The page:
She looks twenty three. I would sell her cigarettes without asking for ID. Beer, too. But she tells me she goes to parties and leaves early, without drinking, before the rest get drunk. Last year’s sixteen year old has faded into seventeen going on twenty three with the responsibility of a thirty five year old. She carries these ages steadily, weaves them together and wears them as one cloak. But I want to hold her the same way I would a tired two year old — gather her in my lap and hold her until she feels safe enough to forget… to forget it all. My eyes follow the blunt line of her side-swept bangs; I can tell she has cut her own hair again. It states “edgy,” with authority. An authority she owns, an authority she has earned.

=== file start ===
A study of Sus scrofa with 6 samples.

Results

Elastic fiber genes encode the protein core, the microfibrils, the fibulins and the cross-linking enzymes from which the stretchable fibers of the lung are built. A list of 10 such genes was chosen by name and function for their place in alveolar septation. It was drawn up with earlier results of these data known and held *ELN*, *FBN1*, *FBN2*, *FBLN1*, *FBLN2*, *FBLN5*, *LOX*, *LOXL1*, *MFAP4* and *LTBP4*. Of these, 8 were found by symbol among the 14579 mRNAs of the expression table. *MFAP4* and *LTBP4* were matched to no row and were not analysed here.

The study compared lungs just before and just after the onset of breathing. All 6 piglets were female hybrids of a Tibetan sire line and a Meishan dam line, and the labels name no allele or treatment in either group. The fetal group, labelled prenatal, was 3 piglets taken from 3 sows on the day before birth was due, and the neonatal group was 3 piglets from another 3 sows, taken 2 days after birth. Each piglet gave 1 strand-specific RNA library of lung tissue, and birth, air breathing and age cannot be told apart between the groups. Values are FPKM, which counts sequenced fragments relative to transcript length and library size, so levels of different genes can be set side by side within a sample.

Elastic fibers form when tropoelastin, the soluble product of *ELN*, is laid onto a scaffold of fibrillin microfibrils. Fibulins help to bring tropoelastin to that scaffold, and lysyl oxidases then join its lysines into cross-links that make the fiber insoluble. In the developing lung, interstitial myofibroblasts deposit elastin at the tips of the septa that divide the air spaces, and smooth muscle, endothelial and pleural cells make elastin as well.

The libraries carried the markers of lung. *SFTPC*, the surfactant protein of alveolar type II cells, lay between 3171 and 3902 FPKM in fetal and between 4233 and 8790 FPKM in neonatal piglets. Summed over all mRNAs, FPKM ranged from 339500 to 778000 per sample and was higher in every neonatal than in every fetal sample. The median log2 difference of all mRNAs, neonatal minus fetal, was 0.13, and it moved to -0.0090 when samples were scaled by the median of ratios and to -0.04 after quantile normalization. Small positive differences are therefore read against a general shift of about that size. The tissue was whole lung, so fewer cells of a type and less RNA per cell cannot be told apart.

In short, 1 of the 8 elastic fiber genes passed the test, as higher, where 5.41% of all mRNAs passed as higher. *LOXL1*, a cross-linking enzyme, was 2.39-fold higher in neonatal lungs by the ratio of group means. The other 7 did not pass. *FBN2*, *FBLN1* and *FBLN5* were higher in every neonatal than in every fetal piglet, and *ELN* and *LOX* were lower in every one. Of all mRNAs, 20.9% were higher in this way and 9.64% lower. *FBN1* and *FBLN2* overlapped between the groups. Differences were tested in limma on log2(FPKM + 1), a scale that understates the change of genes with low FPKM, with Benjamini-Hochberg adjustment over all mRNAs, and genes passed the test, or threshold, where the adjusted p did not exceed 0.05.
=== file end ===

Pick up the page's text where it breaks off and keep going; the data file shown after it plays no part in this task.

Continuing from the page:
I wonder if my seventeen year old self would have been friends with her. How would I have loved her then? Could I have loved her? Certainly not with this same motherly instinct that overwhelms every expression I have towards her now. An instinct that doesn’t assert itself in any other moment of my life and that I try to bury when I am with her. She does not need another mother. Not now, at seventeen.

If we had been seventeen together, would we have saved each other? Held on for dear life against the world’s undertow? The undertow of our worlds. Would we have shared a world? And pulled each other out? Or pulled each other down, but with hands clamped together tightly? Would it have been easier than walking out alone?

I could have used some of her “edge” at seventeen. Hell, I could use some of her edge now, at twenty six. But I get now what I would not have gotten then – she has earned every sense of authority she has. I am so damn proud of her. So proud of her that I can honestly say – it would have been my loss entirely if we had not been friends at seventeen.